Photography by Danny Fulgencio

The editorial director of the George W. Bush Presidential Center, William McKenzie has lived in Kessler Park for 20 years with his wife, Jennifer Nagorka, a freelance writer and volunteer at Bishop Dunne Catholic School. They have two children. McKenzie, who served on the Dallas Morning News editorial board for more than 20 years, won the Pulitzer Prize for editorial writing in 2010, along with his colleagues Tod Robberson and Colleen McCain Nelson.

The painting“Homeland Security,” 2015, above, by President George W. Bush hangs in the Bush center.

What was your first job out of college, and how did you become a writer?

I was a banker, and I quit after two months. I hated it. I became a writer thanks to great professors in graduate school who helped me envision a writing career. I had written books to my grandparents as a child, mostly about sports. And, perversely, I loved writing term papers in college and seeing if I could fill out a blue book in three hours in exams. But I never associated those moments with a love of writing until my mid-twenties. After graduate school, I stumbled into editing a small political journal in Washington, and that allowed me the chance to practice, practice, practice.

What was it like to win a Pulitzer?

Humbling. Surprising. An honor.

You worked at the Dallas Morning News for 22 years. What do you miss about it?

The colleagues. We formed strong bonds. And being on the paper’s editorial page all that time was like being part of an ongoing tutorial focusing on issues that affect Dallas, Texas, the U.S., and the world. I loved that.

What do you not miss?

The constant deadlines!

How did you wind up at the Bush Center?

I was interested in a third – and I hope not final – chapter, so I came to the Bush Institute as editorial director. I also wanted to end up on a college campus, so this was perfect. I teach journalism as an adjunct lecturer at SMU and enjoy interacting with students.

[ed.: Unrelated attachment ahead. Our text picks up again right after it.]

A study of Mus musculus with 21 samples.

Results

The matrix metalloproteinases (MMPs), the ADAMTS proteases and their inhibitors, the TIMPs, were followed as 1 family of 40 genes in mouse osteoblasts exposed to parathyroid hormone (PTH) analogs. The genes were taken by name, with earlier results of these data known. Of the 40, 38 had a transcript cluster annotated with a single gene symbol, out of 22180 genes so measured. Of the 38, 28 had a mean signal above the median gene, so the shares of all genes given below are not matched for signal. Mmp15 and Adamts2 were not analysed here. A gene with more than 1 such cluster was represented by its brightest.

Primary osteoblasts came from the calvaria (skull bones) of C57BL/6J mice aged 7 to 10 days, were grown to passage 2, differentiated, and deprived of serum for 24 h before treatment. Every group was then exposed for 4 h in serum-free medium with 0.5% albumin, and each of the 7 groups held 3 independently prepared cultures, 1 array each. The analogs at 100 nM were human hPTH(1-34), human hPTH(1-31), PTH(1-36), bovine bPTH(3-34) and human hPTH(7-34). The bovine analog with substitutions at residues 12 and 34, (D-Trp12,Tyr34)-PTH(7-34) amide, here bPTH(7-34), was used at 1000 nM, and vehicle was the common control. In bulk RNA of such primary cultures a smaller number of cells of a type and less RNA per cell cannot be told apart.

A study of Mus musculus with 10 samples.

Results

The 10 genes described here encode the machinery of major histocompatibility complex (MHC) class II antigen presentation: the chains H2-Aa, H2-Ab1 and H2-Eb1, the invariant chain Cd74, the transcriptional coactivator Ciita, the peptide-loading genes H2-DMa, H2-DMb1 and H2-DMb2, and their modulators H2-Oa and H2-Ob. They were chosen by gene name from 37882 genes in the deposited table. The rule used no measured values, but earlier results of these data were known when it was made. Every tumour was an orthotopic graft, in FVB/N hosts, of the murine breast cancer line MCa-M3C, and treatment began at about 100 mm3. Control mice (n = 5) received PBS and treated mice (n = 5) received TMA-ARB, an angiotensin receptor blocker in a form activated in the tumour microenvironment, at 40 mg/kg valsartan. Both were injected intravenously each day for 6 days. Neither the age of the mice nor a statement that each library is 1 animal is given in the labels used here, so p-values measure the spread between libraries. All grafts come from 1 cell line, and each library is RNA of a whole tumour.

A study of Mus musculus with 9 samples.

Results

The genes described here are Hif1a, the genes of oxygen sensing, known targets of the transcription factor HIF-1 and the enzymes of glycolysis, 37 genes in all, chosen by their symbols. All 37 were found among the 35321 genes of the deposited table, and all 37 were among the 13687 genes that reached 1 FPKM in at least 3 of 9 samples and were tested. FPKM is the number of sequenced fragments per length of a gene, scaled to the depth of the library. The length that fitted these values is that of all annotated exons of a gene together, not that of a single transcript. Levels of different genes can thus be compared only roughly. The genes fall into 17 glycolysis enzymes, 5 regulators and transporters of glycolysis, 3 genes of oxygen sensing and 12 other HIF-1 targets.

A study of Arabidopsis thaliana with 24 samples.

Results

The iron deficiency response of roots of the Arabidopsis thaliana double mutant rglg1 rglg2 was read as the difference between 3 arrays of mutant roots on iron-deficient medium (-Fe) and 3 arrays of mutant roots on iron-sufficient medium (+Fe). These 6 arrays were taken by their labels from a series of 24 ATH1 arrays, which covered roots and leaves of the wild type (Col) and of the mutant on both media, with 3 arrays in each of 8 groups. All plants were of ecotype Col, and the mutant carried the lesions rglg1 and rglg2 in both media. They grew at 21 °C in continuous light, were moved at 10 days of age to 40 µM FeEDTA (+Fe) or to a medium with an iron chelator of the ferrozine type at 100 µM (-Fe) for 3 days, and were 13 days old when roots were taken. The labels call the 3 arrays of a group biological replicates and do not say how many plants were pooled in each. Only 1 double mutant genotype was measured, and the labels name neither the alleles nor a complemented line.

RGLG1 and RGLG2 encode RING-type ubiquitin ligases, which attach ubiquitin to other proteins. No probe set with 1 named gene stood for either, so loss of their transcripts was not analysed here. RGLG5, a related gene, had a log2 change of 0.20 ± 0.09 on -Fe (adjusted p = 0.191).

How do you describe The Catalyst, the journal of the Bush library? 

We are a journal of ideas whose mission is to apply the principles of compassionate conservatism to contemporary problems.

What are some of your favorite stories or interviews?

One was with President Bush and former British Prime Minister Tony Blair in Little Rock’s famous Central High School shortly before a massive storm forced us all to evacuate into a basement. That was different, maybe my favorite – and most memorable – interview of all time. Interviewing Sir Bob Geldof, the rock star, on Africa’s potential was another highlight. He is smart as a whip and a great conversationalist. I also vividly recall the sadness in the voice of Rabbi Lord Jonathan Sacks when I was interviewing him on the phone from London and had to tell him about yet another mass shooting that had occurred in the U.S. that morning. I love interviewing people, hearing how their minds work, so it is hard to choose among them.

This painting “My Charge to Keep,” 2017, above, is also by President George W. Bush.

Why should we be reading this publication?

We try to apply the values that George W. Bush articulated as both governor and president, so I hope people will be interested in hearing how they apply to contemporary challenges.

What else do you want our readers to know about the Bush Center and its resources?

Along with the above, we are a “do-tank” that seeks to engage communities here and abroad by developing leaders, advancing policy and taking action. That is our mission.

Do you ever feel like a token Republican in Oak Cliff?

I have never thought about that. I don’t consider myself terribly partisan in a tribal sense. I am more guided by values than tribe.

Do you have any advice for those who are spending time with Trump-supporting relatives this holiday season?

Be tolerant of each other whether they are Trump supporters or Warren supporters or whatever supporters. We can’t just hang out with people who share our views of the world. Our democracy depends upon us forming bonds that strengthen our communities. That’s not just a talking point. I really believe that, so may we all listen to “the other” during the season.

This interview has been edited for clarity and brevity.